Glass ceiling holds strong

WHILE WOMEN are well educated and gain valuable skills in the workplace early in their careers, this hasn’t translated into leadership and management roles based on merit or performance at more senior levels, according to Sex Discrimination Commissioner Pru Goward

WHILE WOMEN are well educated and gain valuable skills in the workplace early in their careers, this hasn’t translated into leadership and management roles based on merit or performance at more senior levels, according to Sex Discrimination Commissioner Pru Goward.

“While some women and organisations can hold their head up high, it dumbfounds me that in this day and age we are still calling for greater numbers of women to be appointed to senior leadership roles, whether in business or politics,” she said.

A January 2006 Income and Wealth report by the National Centre for Social and Economic Modelling (NATSEM) found that educated young women are getting more job opportunities than ever before, while other women are heading back to work in larger numbers. But this hasn’t translated into women being appointed to powerful, decision-making roles.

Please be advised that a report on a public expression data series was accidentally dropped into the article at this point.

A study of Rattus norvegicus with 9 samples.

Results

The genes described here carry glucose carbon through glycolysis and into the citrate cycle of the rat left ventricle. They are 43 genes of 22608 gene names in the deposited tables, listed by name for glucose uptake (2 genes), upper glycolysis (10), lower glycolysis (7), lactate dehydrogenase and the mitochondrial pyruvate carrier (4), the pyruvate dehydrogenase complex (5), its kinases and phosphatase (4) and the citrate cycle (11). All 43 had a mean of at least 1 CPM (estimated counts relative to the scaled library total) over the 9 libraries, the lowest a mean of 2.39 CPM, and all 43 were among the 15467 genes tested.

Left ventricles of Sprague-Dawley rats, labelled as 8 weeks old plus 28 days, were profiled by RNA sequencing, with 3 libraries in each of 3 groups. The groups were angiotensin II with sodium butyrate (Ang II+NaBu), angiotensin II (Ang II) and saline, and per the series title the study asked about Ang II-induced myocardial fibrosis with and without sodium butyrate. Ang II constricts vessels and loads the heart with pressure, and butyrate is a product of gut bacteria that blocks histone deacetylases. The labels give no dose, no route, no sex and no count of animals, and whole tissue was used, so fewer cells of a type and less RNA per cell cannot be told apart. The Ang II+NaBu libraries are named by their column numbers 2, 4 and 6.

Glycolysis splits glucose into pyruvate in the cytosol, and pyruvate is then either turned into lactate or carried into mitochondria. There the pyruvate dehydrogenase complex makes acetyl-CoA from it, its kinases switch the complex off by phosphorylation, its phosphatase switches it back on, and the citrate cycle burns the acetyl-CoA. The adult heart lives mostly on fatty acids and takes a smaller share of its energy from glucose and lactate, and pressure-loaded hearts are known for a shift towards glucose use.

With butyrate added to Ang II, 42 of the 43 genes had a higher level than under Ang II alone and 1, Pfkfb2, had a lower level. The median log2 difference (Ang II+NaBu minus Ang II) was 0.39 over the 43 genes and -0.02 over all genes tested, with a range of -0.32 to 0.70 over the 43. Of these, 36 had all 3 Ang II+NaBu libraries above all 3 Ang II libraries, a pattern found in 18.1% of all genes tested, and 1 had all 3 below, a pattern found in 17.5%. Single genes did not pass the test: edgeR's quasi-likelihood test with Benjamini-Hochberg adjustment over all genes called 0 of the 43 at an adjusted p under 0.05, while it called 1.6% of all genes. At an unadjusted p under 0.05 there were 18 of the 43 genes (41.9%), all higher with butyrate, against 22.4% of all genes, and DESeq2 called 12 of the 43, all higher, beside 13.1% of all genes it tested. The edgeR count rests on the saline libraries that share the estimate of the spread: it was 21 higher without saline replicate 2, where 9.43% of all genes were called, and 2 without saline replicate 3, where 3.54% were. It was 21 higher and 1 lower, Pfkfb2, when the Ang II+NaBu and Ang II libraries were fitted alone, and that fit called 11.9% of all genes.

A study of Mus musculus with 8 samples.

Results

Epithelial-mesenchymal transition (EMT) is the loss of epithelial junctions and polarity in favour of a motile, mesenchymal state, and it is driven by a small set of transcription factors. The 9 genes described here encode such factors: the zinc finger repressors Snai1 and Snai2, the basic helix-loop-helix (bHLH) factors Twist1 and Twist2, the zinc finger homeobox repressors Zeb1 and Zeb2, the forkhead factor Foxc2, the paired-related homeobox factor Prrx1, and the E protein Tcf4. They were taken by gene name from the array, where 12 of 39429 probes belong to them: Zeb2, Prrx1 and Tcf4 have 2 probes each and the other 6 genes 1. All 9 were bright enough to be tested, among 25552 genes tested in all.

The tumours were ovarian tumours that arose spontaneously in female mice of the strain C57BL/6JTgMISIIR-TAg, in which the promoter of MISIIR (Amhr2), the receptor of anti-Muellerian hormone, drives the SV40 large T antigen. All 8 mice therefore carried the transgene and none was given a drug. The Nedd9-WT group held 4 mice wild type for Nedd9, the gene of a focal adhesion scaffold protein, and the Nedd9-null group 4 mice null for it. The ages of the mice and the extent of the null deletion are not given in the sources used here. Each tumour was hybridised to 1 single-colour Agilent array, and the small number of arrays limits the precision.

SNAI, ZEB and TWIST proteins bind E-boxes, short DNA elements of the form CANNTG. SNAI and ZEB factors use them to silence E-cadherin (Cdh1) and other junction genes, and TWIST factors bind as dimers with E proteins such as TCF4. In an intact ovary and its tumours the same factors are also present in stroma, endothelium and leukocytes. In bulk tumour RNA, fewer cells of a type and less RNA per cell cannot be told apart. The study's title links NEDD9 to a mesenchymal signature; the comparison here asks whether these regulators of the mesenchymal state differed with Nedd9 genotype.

Despite their significant presence in the private sector workforce, women hold only 10 per cent of executive management positions (compared with 16 per cent in the US and 14 per cent in Canada) and women hold only 9 per cent of board directorships (compared with 14 per cent in the US and 11 per cent in Canada).

In the public sector, ex-federal Cabinet Minister Kay Patterson’s recent call for more women to be appointed to the ministry highlights the lack of women in senior political roles (only 35 per cent of senators are women and a mere 25 per cent of MPs in the House of Representatives are women).

“I would have thought it was a no-brainer – if you’re the best qualified person for the job you should be promoted to the position, regardless of your sex,” Goward said.

“But these statistics indicate that gender is still an issue in senior level appointments.”